Colleges battle reputation with academic programs for student-athletes


Jerry Liu

Michigan State University's Clara Bell Smith Center is home to the university's academic support services for student-athletes.

In October, after an eight-month investigation, the NCAA announced it would not punish the University of North Carolina for allowing some of its student-athletes to take fake classes.

The case is among the most recent academic scandals in NCAA sports, adding fuel to the debate over whether colleges which part of being a student-athlete is betting emphasized: academics or sports. The organization found that none of its academic rules were violated because the “paper” classes  classes were not available exclusively to student-athletes.

Ultimately, it’s up to faculty to control the academic system at a university — including holding student-athletes to academic standards, said Michigan State University economics professor Ronald Fisher, who teaches about the social science of sports. listen 

“We really have a lot of responsibilities on the faculty to ensure that courses are appropriate, legitimate, valuable and students are learning from most materials,” he said. So it’s the faculty’s responsibility maybe more so than the administrative responsibility of the university.”

But the NCAA’s academic policy is shifting, Fisher said. because the organization made a significant change in terms of tracking student athletes’ academic success.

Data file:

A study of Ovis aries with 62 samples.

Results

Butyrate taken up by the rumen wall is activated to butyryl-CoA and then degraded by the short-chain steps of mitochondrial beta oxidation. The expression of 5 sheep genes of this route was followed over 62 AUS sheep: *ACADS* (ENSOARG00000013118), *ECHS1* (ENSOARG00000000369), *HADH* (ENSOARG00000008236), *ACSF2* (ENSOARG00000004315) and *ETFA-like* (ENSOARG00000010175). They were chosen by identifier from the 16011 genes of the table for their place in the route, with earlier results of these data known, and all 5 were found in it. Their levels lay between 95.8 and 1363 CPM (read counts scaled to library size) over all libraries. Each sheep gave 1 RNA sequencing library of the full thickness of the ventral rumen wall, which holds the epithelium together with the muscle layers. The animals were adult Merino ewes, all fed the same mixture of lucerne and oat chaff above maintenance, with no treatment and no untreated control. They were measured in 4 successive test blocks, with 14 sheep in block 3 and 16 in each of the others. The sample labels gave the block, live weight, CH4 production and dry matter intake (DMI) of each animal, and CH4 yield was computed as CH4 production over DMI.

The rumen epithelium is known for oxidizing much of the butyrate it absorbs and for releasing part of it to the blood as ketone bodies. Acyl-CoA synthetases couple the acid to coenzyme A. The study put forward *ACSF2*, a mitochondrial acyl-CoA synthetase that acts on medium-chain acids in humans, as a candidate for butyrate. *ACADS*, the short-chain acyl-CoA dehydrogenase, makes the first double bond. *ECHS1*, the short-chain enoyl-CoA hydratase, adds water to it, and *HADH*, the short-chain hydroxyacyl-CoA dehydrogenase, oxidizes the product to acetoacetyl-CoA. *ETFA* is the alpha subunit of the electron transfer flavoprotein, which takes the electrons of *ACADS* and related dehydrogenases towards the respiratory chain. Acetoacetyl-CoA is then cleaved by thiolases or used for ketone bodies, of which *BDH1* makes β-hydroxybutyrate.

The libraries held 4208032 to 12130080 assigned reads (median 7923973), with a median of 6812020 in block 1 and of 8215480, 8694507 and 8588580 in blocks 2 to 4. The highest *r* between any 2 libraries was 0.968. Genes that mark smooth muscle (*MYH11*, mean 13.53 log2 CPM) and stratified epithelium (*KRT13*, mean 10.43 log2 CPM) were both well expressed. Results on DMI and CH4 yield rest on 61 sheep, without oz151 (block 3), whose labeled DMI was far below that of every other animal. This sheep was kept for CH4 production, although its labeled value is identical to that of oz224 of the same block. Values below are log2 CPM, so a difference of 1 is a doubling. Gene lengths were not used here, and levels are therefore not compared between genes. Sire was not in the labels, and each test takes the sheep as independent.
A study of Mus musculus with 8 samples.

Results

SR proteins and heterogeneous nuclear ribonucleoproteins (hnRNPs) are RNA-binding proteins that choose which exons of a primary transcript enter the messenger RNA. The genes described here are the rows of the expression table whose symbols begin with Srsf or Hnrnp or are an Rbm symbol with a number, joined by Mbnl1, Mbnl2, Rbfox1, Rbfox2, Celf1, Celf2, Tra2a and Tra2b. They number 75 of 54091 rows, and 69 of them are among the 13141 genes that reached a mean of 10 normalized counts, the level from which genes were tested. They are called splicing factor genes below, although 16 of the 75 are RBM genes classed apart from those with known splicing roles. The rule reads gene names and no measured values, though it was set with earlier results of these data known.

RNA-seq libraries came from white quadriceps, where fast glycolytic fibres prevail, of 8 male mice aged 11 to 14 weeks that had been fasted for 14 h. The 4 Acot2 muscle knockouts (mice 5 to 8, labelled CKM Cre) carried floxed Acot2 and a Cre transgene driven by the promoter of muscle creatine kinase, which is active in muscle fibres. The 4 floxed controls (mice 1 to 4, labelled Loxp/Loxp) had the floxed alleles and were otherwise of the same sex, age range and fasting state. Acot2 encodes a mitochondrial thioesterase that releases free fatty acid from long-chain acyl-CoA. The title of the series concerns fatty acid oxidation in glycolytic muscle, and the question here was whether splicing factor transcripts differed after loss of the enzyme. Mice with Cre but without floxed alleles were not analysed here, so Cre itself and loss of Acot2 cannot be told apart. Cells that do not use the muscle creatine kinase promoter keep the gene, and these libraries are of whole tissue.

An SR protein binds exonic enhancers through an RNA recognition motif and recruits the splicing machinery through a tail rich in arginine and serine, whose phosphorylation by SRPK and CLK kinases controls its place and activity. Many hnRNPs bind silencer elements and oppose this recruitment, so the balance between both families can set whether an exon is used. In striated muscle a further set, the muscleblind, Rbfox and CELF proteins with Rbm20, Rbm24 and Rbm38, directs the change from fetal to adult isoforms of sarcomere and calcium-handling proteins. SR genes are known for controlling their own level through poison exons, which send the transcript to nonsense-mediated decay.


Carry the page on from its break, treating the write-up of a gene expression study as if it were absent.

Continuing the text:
“It used to be that they focused on the standards of admission to the university: What students did in high school and if they are prepared to go to college,” Fisher said. “But in more recent years, the NCAA focused on whether student-athletes are making progress towards graduation.”

MSU has a variety of resources to help student-athletes academically.

“We have an unique program called Student Athlete Support Services on our back to support our academic success,” MSU men’s tennis junior Colin Harvey said. “We have an academic coordinator to help us plan all the classes to take and different academic seminars to help us get through some academic problems.”

MSU men’s tennis junior Billy Shisler said student-athletes do have to meet a minimum academic standard to be eligible to compete.

“It depends on the year,” Shisler said. “For freshman, you have to have at least a 1.8 GPA. And then junior and senior year, you have to get above 2.0.”

According to the NCAA, Michigan State’s Graduation Success Rate was 87 percent for freshman student-athletes who entered the university between 2007 and 2010.

Six sports had Graduation Success Rates of 100 percent — men’s baseball, men’s tennis, women’s basketball, women’s golf, women’s gymnastics and women’s volleyball.

“In our team, we kind of emphasize more on the role of a student rather than an athlete,” said Harvey, of the men’s tennis team. “Because at the end of the day, you’re an enrolled MSU student. Our coach always tells us we should separate our time wisely. If you’re on-court, you’re an athlete competing for MSU. But off the field, you’re a student who needs to succeed academically.”